A few months ago, my brother-in-law (my sister’s husband) was deployed as a soldier for a humanitarian mission abroad. He has asked me to write to him, but I still haven’t emailed, sent a care package, or tried to contact him in any way. I feel incredibly guilty about my indifference towards him, since it feels as if I’m failing both a family member and a member of our military. However, we’ve never been close, and, when we talk, both he and my sister inevitably put me down about my personality, career choices, and political opinions. It’s probably unintentional, since they’re good people at heart and genuinely care for me, but we’re so dissimilar it’s unlikely they’ll ever stop. I’m still trying to develop my identity in some ways, so their contact feels especially damaging right now.
For background, I’m in my early twenties and come from a small family (parents, myself, and a half-sister who is thirteen years older than I am) that has never been very close, but places high importance on formalities and keeping in touch. It feels like my entire life I’ve been coerced into communicating with family for the sake of “that’s just what families do,” and as a result I avoid communication with everyone until they get mad enough at my silence and I give in to contact.
My avoidance strategy worked well enough for the past decade since I could always attribute my absence to work and life. But now, if I don’t contact my brother-in-law at all, I fear the relationship with him, my sister, and my three young nephews will be irreparably damaged when he returns. A large part of me would be thrilled to live without siblings, but the other part feels pressured to fulfill their expectations to avoid disappointment. I wouldn’t mind keeping in touch with my nephews since they crack me up and we’re very alike, but I also feel bad for them since I can see my sister forcing them to talk to me because “that’s just what families do.” I don’t want history to repeat itself by creating resentment in them as well.
What can I do to make myself sane and stop this unhealthy avoidance cycle? — No Desire to Keep in Touch
Yeah, I call bullshit on all this — or at least the part where you avoid keeping in touch with family solely because you’re afraid that, if you do keep in touch, you won’t be able to deal with inevitable put-downs about your “personality, career choices, and political opinions.” Your BIL is deployed; do you really think that sending him a postcard once a month is going to invite put-downs from him? Do you honestly think that a soldier deployed in the military who has a wife and three sons he’s far away from is going to take the time to sit down and write to (or call) his wife’s younger sister and criticize her political opinions and career choices and personality because she sent a card saying she was thinking of him and hoping he was well? For someone who says she fears irreparable damage to this relationship (and possibly, by extension, with her sister and three nephews as well), you sure are stretching things A LOT.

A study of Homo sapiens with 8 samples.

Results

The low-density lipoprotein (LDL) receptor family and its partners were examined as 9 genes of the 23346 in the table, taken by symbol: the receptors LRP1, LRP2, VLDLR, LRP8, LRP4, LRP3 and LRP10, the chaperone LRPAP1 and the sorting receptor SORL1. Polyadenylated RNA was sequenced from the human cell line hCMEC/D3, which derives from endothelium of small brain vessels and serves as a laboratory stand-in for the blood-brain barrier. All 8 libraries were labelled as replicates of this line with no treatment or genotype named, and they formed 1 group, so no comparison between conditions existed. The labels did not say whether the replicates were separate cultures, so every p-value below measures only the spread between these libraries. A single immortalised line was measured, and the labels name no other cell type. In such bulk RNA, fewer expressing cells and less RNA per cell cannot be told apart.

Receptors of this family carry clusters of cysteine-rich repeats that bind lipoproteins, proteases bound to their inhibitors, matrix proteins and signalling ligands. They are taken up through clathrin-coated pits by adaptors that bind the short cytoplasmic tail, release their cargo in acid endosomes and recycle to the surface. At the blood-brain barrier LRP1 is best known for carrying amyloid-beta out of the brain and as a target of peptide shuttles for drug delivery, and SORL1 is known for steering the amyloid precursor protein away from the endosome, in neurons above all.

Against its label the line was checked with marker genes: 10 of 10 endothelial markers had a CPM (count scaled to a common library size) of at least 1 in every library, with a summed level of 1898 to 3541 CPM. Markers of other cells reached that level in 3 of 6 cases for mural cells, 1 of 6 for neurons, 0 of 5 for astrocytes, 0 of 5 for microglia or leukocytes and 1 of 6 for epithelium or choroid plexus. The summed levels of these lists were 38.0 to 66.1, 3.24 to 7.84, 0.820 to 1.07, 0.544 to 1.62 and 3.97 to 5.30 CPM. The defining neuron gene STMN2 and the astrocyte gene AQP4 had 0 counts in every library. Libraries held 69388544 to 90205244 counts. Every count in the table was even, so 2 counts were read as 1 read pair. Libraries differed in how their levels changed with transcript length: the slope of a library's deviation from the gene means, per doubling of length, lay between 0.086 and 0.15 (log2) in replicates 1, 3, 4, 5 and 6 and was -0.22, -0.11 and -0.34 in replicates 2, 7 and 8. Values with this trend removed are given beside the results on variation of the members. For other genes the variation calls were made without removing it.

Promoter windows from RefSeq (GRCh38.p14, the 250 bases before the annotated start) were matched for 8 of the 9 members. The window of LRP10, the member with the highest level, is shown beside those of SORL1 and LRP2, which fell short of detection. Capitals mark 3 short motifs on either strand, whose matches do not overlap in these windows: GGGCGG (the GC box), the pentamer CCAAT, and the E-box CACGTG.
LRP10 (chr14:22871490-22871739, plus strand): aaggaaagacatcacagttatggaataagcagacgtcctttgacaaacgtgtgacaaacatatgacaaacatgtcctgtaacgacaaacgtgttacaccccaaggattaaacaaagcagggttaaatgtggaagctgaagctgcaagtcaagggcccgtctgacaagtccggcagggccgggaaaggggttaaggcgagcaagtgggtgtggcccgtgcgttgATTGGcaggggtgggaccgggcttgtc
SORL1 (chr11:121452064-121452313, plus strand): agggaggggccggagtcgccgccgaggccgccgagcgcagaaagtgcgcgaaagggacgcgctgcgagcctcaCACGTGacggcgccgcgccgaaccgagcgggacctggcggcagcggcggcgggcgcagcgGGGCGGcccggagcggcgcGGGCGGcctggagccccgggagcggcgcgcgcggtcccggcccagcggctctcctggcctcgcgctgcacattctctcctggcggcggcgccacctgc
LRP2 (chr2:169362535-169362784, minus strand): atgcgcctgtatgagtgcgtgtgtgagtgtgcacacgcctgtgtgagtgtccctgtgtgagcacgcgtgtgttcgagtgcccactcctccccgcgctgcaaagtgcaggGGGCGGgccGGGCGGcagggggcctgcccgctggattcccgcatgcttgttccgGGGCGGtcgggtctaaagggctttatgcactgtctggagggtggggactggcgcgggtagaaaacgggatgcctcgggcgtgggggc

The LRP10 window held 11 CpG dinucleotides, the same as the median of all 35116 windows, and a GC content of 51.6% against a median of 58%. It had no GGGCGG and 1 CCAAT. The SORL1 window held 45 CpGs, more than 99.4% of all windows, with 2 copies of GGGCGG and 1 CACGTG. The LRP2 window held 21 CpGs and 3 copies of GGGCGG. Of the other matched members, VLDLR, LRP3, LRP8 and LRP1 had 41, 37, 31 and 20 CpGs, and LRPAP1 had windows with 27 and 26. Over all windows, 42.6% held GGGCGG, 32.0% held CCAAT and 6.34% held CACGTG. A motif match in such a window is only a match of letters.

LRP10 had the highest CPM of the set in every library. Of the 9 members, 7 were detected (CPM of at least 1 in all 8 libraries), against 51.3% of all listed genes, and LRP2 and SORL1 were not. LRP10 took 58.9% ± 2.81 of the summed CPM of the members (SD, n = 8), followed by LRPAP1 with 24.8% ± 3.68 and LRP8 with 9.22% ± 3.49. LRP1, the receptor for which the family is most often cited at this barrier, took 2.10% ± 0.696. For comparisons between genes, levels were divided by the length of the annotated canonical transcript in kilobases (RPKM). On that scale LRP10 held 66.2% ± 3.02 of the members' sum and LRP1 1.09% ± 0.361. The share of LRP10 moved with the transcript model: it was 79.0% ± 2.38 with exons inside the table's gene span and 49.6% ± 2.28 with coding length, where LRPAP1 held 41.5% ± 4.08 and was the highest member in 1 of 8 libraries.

I don’t buy it. I don’t buy your reason for not staying in touch. I mean, I believe that your sister and BIL disagree with your political opinions. I believe you probably feel very different from your family and have had heated discussions with them in which you feel put down. But I don’t believe that your reason for not sending a card to your deployed brother-in-law is because you fear continued put-downs from your family, especially when you think the alternative is irreparable damage to your relationships with them and alienation from the three nephews you love and enjoy.
You know what I think? I think that, deep down, you LIKE being “coerced into communicating” with your family. I think you might like the attention you get from ignoring them. Why else would you seriously be agonizing over whether to send your deployed brother-in-law a freakin’ postcard letting him know you’re thinking of him? A postcard or even a brief phone call or short letter or email once or twice over the course of several months is hardly going to invite the kind of criticism you claim to want to avoid. I also think you need to figure out what kind of communication keeps you in touch just enough to avoid “being coerced” while minimizing whatever criticism you’ve faced before. If phone calls are too personal or invite questioning and conversation you don’t want, stick to cards and letters (which are more one-way). Or consider limiting your interaction to FaceTiming (or Skyping) with your nephews. Experiment until you find what works best for you. And if/when communication veers into territory you’re uncomfortable with, try to change the topic or find an excuse to end the conversation.
Honestly, it sounds like you’re making this much, much more difficult than it needs to be. Unless your family is demanding weekly visits from you — and it doesn’t sound like that’s the case — staying in minimal contact, with some boundaries in place to protect yourself — is pretty easy. If your relationship with your family is so complicated though that the thought of exchanging occasional emails or phone calls gives you a panic attack, find a good therapist to hash things out and help you, as you say, “stop this unhealthy avoidance cycle.”
If you have a relationship/dating question I can help answer, you can send me your letters at firstname.lastname@example.org.